BUFFALO, N.Y. (WIVB) — Denielle Cox of Elma knew how she wanted to give birth. “I wanted a more natural option. I didn’t want to be pushed into things that I didn’t want to do,” she told News 4.
Meaghan Pariseau, from Amherst, wants her second child’s birth to be different from her first when an epidural for pain numbed her lower body for more than four hours.
“I want to feel as though I am able to be present and after the baby is born I am able to move around and experience things,” said Pariseau.
Both women and many like them are finding their way to Mercy Hospital in South Buffalo which has grown its midwife staff to 11 – the largest outside of New York City.
“Women like less interventions, less number of C-sections and midwives seem to promote that sort of approach,” said Aimee Gomlak, Vice President for Women Services for Catholic Health, which operates Mercy Hospital.
Mercy’s births have jumped from 2,400 last year to 2,600 expected this year; about half are delivered by midwives.
In western New York, midwife births went up 19 percent between 2010 and 2013 and in Erie County alone, midwife births jumped 42 percent.
Sharon Nisengard has been a midwife for 14 years. She’s best, she says, at calming a jittery mom. “I feel like I’m really meant to be a midwife,” she said. “I have an ease about myself. I calm the situation down. I can really help a mom. My goal is to help a mom trust her body. This is what it is meant to do.”
Midwives pride themselves on taking more time and working with a mom toward a successful delivery.
“You are meant to have babies, trust in your body, trust in the process, have patience. Everybody helps a woman get through those really hard times. Satisfaction can be really high,” Nisengard continued.
New York State has about 1,200 licensed midwives, up 20 percent from 2010 when a new state law boosted the status of midwives so they can provide maternity care and deliver babies without a doctor’s supervision.
To be licensed, midwives must complete graduate studies and pass an exam. Thirty are licensed in Erie County.
While midwives aren’t required to be supervised by a physician, they regularly work with them.
At Mercy, the physicians support the midwives, Gomlak says. “Our midwives and our physicians work so closely together which is why it is such a success at Mercy Hospital.”
“Those midwives know that those physicians are going to back them up and they know that those physicians are there to let them do the things that they do best,” she added.
Mercy first turned to midwives about seven years ago as a way to give around the clock coverage to births and deliveries since the hospital does not have residents who staff other area hospitals.
They soon discovered that the patients really liked being attended to by the midwives.
Kristine Sabatino, a midwife for 14 years, says there are a lot of misconceptions about midwives. “I think people don’t understand that we are fully educated licensed independent practitioners who are experts in normal health childbirth,” she said. “We are our own specialty and obstetrics is its own specialty and we complement each other just perfectly when we work together.”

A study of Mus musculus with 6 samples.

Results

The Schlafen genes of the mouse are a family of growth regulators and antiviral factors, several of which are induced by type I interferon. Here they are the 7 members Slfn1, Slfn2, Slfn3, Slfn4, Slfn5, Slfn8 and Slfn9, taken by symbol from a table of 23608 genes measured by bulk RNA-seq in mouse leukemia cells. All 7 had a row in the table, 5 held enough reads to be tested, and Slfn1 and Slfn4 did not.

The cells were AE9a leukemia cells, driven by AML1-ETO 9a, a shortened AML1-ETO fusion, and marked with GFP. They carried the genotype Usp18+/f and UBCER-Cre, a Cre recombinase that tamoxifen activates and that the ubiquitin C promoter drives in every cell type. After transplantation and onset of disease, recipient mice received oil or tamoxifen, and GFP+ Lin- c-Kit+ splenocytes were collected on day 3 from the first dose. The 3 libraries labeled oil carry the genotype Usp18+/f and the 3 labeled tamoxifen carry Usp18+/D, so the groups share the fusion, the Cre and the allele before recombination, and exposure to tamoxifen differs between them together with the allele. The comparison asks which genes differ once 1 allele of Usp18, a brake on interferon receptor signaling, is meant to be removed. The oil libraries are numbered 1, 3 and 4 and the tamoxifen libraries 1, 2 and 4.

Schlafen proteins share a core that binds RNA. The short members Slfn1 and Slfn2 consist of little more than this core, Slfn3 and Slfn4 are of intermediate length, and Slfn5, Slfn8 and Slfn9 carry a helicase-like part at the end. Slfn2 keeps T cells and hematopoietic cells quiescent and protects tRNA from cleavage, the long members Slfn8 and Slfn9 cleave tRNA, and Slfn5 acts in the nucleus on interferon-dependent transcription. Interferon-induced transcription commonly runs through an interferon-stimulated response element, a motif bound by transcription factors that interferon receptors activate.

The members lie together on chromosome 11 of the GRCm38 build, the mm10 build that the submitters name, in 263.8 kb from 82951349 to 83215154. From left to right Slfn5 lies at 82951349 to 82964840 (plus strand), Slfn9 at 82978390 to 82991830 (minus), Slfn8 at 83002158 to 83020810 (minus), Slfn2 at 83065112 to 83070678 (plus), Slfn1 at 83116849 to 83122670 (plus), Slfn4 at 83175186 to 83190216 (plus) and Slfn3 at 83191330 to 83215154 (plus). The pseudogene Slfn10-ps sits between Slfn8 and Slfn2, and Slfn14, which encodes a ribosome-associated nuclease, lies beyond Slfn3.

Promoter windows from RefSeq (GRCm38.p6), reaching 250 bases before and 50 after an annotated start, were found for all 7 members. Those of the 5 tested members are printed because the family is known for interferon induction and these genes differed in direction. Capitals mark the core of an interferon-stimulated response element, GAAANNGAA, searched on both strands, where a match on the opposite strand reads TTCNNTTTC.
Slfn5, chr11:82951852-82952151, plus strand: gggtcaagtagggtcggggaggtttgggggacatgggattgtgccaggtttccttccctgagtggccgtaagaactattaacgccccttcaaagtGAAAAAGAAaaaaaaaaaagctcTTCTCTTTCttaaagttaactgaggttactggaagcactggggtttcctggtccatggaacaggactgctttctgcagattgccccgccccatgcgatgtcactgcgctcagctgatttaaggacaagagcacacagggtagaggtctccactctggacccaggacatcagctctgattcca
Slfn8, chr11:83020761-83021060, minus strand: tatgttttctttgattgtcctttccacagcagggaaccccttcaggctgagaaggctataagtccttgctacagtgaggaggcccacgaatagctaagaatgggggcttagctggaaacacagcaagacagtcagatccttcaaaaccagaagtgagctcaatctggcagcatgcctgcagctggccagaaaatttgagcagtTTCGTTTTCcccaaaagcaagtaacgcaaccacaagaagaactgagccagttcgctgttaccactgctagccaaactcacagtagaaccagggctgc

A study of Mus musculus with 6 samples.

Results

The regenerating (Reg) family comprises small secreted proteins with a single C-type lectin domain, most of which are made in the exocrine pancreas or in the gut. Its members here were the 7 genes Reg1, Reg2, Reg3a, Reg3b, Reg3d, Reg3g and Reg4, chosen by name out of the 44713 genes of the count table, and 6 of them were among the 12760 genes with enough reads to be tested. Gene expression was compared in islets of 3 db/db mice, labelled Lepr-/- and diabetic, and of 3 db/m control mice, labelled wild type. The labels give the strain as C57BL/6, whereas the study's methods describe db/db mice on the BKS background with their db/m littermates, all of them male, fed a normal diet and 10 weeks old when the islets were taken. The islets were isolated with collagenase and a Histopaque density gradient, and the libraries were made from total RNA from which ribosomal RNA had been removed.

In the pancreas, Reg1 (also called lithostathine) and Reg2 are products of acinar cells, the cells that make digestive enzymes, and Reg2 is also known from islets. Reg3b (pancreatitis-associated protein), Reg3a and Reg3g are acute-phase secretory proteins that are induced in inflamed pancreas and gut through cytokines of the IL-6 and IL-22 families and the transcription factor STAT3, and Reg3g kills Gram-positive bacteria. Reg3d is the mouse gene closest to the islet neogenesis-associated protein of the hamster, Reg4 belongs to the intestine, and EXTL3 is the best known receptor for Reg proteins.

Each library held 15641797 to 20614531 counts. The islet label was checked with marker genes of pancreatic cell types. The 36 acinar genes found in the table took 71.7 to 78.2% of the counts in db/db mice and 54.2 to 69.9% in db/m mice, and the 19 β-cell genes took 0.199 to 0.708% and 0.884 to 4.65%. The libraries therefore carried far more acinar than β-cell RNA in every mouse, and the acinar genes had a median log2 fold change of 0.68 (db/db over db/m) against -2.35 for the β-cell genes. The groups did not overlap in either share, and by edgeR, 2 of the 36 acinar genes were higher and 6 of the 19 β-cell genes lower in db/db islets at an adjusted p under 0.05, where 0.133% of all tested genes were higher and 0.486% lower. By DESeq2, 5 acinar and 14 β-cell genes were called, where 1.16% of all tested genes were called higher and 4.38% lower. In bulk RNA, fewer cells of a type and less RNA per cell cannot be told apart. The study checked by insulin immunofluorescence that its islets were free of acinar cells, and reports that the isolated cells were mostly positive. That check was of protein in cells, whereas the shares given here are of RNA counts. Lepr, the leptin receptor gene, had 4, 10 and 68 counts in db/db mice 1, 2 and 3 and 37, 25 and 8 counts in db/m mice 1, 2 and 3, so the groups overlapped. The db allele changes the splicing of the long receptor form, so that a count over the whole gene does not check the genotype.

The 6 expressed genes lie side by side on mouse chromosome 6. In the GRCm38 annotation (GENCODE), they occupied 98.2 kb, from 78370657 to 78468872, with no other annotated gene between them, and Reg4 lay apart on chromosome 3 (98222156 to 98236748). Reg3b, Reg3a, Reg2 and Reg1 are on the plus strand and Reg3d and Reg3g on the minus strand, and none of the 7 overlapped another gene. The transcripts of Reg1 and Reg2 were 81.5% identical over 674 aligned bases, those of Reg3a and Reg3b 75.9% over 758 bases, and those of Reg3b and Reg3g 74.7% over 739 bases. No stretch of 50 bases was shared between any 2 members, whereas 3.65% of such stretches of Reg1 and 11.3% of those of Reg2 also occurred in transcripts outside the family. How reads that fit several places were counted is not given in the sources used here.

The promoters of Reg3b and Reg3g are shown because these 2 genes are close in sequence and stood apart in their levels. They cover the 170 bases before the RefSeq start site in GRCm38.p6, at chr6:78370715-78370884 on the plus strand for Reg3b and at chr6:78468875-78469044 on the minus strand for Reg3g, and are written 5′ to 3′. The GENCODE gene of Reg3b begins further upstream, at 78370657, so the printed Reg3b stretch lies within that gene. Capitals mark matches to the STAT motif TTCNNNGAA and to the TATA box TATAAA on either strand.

Midwives primarily care for healthy women with normal deliveries.
They see fewer births by cesarean section which must be done by physicians; but midwives can assist. For those deliveries that are not normal, Sabatino says, “We’re experts in screening for complications at all times.”
A midwife’s primary role is to help the mom. The term midwife means “with woman,” said Nisengard. “It’s supporting a woman with whatever her needs are, making informed choices, giving pros and cons to everything and keeping a woman updated and if she chooses to have pain medication, not to make her feel bad about that.”
Their approach is low-tech unless complications arise.
During a recent office visit Meaghan Pariseau’s face broke into a wide smile as she heard her baby’s heartbeat. “Listen to the heartbeat,” Nisengard told her as she moved a Doppler fetal monitor on Pariseau’s belly as the familiar ‘thump thump’ of her baby’s heart filled the air.
That same Doppler fetal monitor will be used every half hour during labor in October to track Pariseau’s progress. “We don’t need to monitor you all of the time as long as everything is healthy and normal,” Nisengard explained.
Historically, midwives delivered babies at home. Today, most work in hospitals, according to the New York State Association of Licensed Midwives. The hospital option is what attracted Denielle and Jeff Cox to the midwife practice at Mercy Hospital.
Denielle also liked visiting the Mercy midwife offices on Louisiana Street in the Old First Ward because she knew she would have all of the time she needed to answer questions and prepare for the birth.
“A lot can go wrong pretty quickly so it’s important to be in the hospital where at least you have the services if you need them if there’s an emergency,” said Jeff Cox, Denielle’s husband.
On August 11, Denielle Cox gave birth to the couple’s third child, 7 lbs, 10 ounce Kristie. Just like she planned she was attended by a midwife and took no drugs.
“Although in the moment I am always wishing for drugs but afterwards, I am glad I didn’t,” she said.
“You can get up sooner. It doesn’t have to get out of your system,” Nisengard said. She also helped her with the birth of the Cox’s second child, Kevin, 21 months ago. “His delivery was probably my easiest,” she said.
To help her deal with contractions, Denielle opted to use the hospital’s birthing tub.
“They were really good about not hooking me up to IVs and stuff. I wanted to stay in the tub. They let me do that. I almost gave birth in the tube because he also came quick but they dragged me out just in time. It was really good and uncomplicated. I was very happy with the experience,” Cox said.
There are licensed midwives throughout Western New York. The American College of Nurse-Midwives lists 19 locations within 50 miles of Buffalo.